As Seattle Sounders FC’s 1-0 victory at Real Salt Lake wore on, the pattern of play drifted increasingly to Seattle’s right side and RSL’s left. Looking at the way the teams actually lined up in their respective 4-4-2 formations, the space on Mario Martinez’s side was fairly desolate.
The midfield was already crowded, with eight players jostling for space, but they further confined themselves to a small area, making it difficult to move the ball. It provided for an entertaining game between well-matched teams, but beyond that, it also stifled any attacking build-up through the midfield.
This favored Seattle more, as Salt Lake likes to give its midfield diamond the run of the game. Forwards Alvaro Saborio and Paulo Araujo, Jr., didn’t see much of the ball all night. In fact, Paulo, Jr., barely registered on the Opta chalkboard.
When Sounders FC faces the Los Angeles Galaxy starting on Sunday, it will have to be aware of one variable that Real Salt Lake didn’t have: Landon Donovan. Donovan is a right-sided player, and that’s where he gave the San Jose Earthquakes trouble in his two-assist performance in the Galaxy’s 3-1 win on Wednesday.
Donovan was 39 for 50 in passing in that second leg, completing the most passes on his team with a 78 percent completion rate. He was 13 for 16 in the final third, and he is still one of the most dynamic players in American soccer in terms of his movement and vision.
However, on Thursday in Utah, the Sounders took advantage of Salt Lake’s left-leaning tendencies on the only goal of the series.
At the beginning of the sequence, when Real Salt Lake loses the ball, its entire midfield diamond is on the left vertical half of the field, marked by the red line through the center circle. This tight positioning allows for easy possession because it sets up multiple triangles (yellow).
However, it also puts RSL out of position defensively when it loses the ball in this particular instance.
When Brad Evans receives the ball after Eddie Johnson’s lay-off, RSL’s midfield is trying to recover straight back toward the goal, as defenders are taught to do when they are caught high. Martinez, on the far side, recognizes the space he has been given and begins to float wide.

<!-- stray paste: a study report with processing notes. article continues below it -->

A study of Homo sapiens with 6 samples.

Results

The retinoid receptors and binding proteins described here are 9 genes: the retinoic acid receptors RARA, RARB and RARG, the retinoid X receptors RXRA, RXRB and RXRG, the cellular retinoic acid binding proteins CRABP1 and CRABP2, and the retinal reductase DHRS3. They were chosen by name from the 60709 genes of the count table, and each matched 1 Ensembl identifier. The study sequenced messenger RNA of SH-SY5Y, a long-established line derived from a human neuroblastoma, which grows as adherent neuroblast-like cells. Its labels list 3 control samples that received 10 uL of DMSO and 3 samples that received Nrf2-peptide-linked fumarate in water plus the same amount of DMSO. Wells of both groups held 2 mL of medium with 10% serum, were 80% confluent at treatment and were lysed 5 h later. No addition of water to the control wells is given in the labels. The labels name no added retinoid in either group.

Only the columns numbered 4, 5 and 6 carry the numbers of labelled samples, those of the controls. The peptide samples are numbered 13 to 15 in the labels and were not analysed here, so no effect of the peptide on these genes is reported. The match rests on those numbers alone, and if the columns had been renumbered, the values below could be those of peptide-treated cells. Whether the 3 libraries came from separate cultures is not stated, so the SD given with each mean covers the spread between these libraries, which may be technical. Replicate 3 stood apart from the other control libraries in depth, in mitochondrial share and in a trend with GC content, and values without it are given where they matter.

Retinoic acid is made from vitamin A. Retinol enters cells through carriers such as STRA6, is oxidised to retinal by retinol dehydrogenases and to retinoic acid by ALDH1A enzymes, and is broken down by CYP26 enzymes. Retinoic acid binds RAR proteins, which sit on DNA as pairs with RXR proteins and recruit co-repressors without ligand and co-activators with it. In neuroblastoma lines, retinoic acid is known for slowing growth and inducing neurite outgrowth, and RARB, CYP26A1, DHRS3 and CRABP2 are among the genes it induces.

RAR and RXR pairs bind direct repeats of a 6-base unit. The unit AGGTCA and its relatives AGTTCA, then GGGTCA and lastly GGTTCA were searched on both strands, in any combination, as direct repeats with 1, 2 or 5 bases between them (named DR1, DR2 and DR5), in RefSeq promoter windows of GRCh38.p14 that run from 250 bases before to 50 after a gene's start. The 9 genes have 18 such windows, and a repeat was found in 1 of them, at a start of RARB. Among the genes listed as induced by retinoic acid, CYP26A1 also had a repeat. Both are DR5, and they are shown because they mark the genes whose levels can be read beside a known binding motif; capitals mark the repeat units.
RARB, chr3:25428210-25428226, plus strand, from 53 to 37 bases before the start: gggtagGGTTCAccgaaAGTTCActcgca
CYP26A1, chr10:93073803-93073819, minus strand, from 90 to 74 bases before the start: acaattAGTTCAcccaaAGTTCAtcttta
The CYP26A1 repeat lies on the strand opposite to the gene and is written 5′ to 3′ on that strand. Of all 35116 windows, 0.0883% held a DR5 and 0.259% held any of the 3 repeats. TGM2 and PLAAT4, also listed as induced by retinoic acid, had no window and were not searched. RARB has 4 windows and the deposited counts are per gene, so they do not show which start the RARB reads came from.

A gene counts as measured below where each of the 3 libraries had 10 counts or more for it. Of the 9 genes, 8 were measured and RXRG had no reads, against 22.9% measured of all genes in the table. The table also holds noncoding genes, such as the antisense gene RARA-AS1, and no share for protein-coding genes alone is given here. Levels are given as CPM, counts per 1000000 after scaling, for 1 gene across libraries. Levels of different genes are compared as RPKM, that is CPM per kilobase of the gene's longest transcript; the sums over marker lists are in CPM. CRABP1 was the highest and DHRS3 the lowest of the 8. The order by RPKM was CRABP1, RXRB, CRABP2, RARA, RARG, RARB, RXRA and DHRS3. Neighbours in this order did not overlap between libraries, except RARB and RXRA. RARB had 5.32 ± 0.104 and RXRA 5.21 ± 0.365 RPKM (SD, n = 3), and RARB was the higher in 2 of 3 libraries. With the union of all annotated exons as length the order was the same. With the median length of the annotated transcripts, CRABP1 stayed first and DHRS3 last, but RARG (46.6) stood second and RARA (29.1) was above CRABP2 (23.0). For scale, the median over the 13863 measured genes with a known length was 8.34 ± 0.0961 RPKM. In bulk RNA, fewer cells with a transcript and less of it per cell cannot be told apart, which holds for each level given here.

The following image better illustrates Martinez’s run, from a different angle. Notice his starting position in the image above, marked again with a green circle below, and the position he takes up as the play progresses. Another vertical line through the field shows that he is one of two players in that half.
Another important aspect of the play is Evans’ decision to play the ball to Fredy Montero instead of directly to Martinez. If he were to play that ball directly — and Martinez was calling for it, hand in the air — right back Tony Beltran would have had time to track the flight of the ball and intercept it.
Instead, when Montero has the ball at his feet, Beltran has to tuck in just in case center back Jamison Olave gets beat on the dribble and Beltran has to cover. The most dangerous player on the field at any given moment is the one with the ball because of the immediate threat, not a runner because of a potential threat.
A final note is the way Martinez bends his run into the penalty area, giving himself a little room for error in case Montero’s pass goes a bit wayward. Of course, it doesn’t, and Martinez hits a thunderous strike to the far post to win the series.
Playoff teams recognize and exploit the spaces they are given instead of trying to force opportunities when they don’t exist. It doesn’t matter how much possession RSL has — Opta had it at 59.5 percent — if it cannot create opportunities.
If Seattle could get the ball wide on the counter-attack, opportunities would come. All Martinez needed was one chance (not counting his set piece in the first half) to score the most important game of the Sounders’ season.